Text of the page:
Energy poverty, a matter of concern for older people


Photo(cropped) by Riccardo Annandale on Unsplash

As energy prices skyrocket, millions of European are forced into unacceptable choices between heating and paying their rent, warns the European Anti-Poverty Network. Older people living with low pensions make no exception to the rule.

“We received a call from a lady who asked in a shaky voice how much the minimum subsistence level is now. She confided that she had no money to pay for her energy bills, that her original energy supplier had gone bankrupt, and she had now received a bill from a new supplier for CZK 15,000 a month, which she was unable to pay from her pension. She is afraid of what will happen to her now.”
told Aneta Mundok Nitschová, head of the Senior Phoneline operated by ZIVOT90.

Older people at risk of energy poverty

In Czech Republic, older people form the largest group who will be affected by the increase in energy prices: one-fifth of them are at risk of housing shortages due to increased energy costs. And so, while older people already represent two-fifths of households burdened by excessive housing costs.

In the Netherlands, three-quarters of older people are concerned about the rising energy costs and what that means for their own situation in the Netherlands.

The situation was again recalled by one of our members speaking at a debate on pensions:

“The system in place doesn’t allow them [older women with low incomes] to live in dignity when they retire. We don’t want to old oil heaters in our homes anymore and need to replace them with better insulation for the house, etc. But what is affordable for a widow?”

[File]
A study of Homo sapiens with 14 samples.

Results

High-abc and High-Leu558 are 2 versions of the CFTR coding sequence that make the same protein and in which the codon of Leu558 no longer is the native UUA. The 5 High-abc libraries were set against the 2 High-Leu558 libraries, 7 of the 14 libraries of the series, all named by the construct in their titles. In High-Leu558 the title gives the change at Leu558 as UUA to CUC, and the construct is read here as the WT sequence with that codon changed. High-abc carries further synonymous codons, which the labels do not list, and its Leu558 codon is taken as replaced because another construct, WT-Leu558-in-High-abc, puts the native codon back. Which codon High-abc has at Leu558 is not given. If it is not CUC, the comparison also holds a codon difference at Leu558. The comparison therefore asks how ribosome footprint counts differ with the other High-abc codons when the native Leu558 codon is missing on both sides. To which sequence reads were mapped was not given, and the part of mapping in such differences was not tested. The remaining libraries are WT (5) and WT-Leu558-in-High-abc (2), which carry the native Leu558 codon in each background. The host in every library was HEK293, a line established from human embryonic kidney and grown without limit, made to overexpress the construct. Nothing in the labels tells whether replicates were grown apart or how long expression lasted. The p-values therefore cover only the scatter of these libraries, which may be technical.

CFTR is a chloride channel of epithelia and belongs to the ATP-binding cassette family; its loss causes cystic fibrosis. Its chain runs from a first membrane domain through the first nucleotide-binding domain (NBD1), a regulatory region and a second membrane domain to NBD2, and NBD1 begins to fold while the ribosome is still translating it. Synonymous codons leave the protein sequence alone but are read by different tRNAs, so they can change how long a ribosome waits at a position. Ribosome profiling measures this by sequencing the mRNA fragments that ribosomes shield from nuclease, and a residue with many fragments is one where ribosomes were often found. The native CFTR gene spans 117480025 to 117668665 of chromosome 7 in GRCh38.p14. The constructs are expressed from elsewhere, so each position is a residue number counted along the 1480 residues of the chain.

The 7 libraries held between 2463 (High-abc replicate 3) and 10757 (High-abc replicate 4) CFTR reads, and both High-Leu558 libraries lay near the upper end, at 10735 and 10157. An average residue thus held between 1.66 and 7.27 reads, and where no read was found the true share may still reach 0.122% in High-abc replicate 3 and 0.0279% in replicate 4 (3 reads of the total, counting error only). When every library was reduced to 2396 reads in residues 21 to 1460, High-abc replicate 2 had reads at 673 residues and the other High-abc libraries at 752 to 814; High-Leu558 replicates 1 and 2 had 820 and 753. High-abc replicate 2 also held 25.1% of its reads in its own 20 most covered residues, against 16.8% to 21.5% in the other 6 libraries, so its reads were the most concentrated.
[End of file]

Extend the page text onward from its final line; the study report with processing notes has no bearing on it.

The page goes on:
said Anne-Sophie Parent, member of the Older Women’s Network.

Climate and social protection go hand-in-hand

The pandemic only exacerbated the need to bridge energy and social protection policies. As people were confined at home, most of them increased their energy use.

In Slovenia, the Federation of Pensioners’ Associations of Slovenia (ZDUS) co-signed a letter to the government flagging that the loss of income had increased the risk of energy poverty for many people. Their call for action was clear:

  • prohibit the disconnection of electricity and gas during the pandemic;
  • allocate emergency funding for households receiving social assistance;
  • repay debts owed to energy suppliers if the debt is due to the customer’s unemployment or a significant reduction in the customer’s income at the time the pandemic.

In Germany, the National Association of Senior Citizens’ Organisations (BAGSO) clearly states that energy efficiency must ensure contribute to both climate protection and cost savings for end consumers. In return, it is critical that “pension and annuity funds no longer invest in fossil energies and that investors [are] informed about alternatives.”

“Don’t only make flats energy sustainable, but also work on making them sustainable for senior citizens. That is desperately needed, especially at a time when living at home for longer is the norm.”
stressed Marcel Sturkenboom, director of KBO-PCOB.